Yahoo discourages the exodus of users wishing to leave the emailing service by temporarily disabling its email forwarding to other accounts.
Like taking a page out of the book of Exodus, Yahoo is playing the role of the Pharaoh with the “hardened heart” that simply won’t let his people go.
Many users are finding it difficult to exit Yahoo and find their promised land where they are allegedly free from government surveillance after the tech giant took away the option to forward emails to rival services.
“This is all extremely suspicious timing,” Jason Danner told the Associated Press. Denner runs an IT business in Auckland, New Zealand, and is trying to quit Yahoo after 18 years with the email provider.
“This feature [email forwarding] is under development,” Yahoo states on its website. “While we work to improve it, we’ve temporarily disabled the ability to turn on Mail Forwarding for new forwarding addresses. If you’ve already enabled Mail Forwarding in the past, your email will continue to forward to the address you previously configured.”
For good or ill, competition among email service providers allows for users to choose which company works best for them, but what happens when competition is diminished and there aren’t any other choices?
Yahoo’s Pharaonic vengeance sets precedence in business of tech
If this is Yahoo’s desperate attempt to salvage users, imagine what a conglomeration of powerful businesses would do in similar circumstances when faced with the same dilemma of losing customers? What would happen if that mentality or “company culture” were to be applied in other areas of the tech industry where power is becoming increasingly more centralized?
Consolidation is already happening in the field of AI. Microsoft, Google, Facebook, IBM, and Amazon announced the Partnership on AI last month, which would establish themselves as the self-proclaimed moral and technological authority on the subject. Their findings would be presented to the public after their behind-closed-doors decisions have been made.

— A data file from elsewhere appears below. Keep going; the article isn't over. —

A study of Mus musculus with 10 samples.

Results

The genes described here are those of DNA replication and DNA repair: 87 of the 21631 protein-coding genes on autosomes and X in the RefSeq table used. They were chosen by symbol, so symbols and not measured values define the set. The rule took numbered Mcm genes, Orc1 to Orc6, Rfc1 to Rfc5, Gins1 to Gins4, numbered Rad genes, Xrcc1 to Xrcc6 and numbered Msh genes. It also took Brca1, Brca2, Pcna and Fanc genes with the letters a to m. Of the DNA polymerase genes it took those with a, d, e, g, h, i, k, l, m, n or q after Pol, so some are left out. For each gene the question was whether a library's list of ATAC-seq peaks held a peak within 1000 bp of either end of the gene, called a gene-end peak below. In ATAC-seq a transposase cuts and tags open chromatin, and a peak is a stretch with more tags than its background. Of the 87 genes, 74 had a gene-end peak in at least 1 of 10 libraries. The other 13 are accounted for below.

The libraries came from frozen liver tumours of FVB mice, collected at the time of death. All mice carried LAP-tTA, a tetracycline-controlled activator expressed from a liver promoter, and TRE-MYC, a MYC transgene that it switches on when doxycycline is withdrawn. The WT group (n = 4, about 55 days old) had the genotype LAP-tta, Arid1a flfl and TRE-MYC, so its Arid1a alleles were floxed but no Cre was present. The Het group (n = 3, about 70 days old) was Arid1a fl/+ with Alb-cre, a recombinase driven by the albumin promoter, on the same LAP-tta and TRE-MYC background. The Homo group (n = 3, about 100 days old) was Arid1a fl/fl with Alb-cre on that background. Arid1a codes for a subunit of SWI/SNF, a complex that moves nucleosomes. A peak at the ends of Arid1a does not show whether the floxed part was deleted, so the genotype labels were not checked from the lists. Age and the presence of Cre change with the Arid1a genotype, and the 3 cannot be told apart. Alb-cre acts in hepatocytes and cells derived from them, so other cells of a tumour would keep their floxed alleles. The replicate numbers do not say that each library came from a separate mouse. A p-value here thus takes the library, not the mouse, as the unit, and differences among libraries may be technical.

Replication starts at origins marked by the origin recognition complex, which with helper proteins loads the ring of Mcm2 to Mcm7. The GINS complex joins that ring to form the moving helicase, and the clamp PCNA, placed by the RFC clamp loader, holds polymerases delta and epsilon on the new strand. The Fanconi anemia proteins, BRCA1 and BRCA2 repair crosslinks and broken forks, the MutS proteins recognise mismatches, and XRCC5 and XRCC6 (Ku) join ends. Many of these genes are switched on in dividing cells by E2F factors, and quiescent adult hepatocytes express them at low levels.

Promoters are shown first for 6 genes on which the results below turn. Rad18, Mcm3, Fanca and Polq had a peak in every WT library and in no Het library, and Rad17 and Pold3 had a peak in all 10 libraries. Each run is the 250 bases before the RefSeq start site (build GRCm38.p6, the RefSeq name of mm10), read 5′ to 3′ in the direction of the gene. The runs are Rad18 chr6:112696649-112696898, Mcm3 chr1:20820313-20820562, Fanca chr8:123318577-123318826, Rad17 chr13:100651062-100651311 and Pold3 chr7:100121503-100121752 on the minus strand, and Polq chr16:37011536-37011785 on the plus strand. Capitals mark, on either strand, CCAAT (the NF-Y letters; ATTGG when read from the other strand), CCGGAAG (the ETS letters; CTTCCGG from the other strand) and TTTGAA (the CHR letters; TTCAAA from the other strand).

Their antithesis is Elon Musk’s Open Source platform, OpenAI, whose methods differ from those of the Partnership in that it encourages open discussion with the public, instead of so-called “open discussion” between industry leaders, policymakers, and stakeholders.
Yahoo’s response to the mass exodus of users was to shut down new requests for email forwarding to competing service providers, and that same type of vengeance could easily be replicated with more severe consequences should other companies band together to form partnerships and alliances like the Partnership on AI, for example.
The consolidation of tech companies could lead to more unchecked, Yahoo-like behavior
If the Partnership on AI were to secretly work hand-in-hand with the government, like Yahoo did, who could you turn to as an alternative if all the major companies acted like a giant trust?
There is a mad dash going on in the world of AI where the major tech giants are buying up AI startups like they were golden unicorns laying silicon eggs on a platinum platter.
According to CB Insights, “Nearly 140 private companies working to advance artificial intelligence technologies have been acquired since 2011, with over 40 acquisitions taking place in 2016 alone (as of 10/7/2016).”
When large companies begin to create alliances, competition is reduced. Yahoo is going the way of the Pharaoh, but what alternative will people have once technology is consolidated even further and control is even more centralized?
Those who do not subscribe to the centralized power will be left to wander in a desert of incompatibility, bereft of choice and devoid of options.
Who will be the Moses to provide the way out? Will open source prevail, or as companies grow and merge, will they behave more like the Pharaonic Yahoo — punishing those who wish to leave?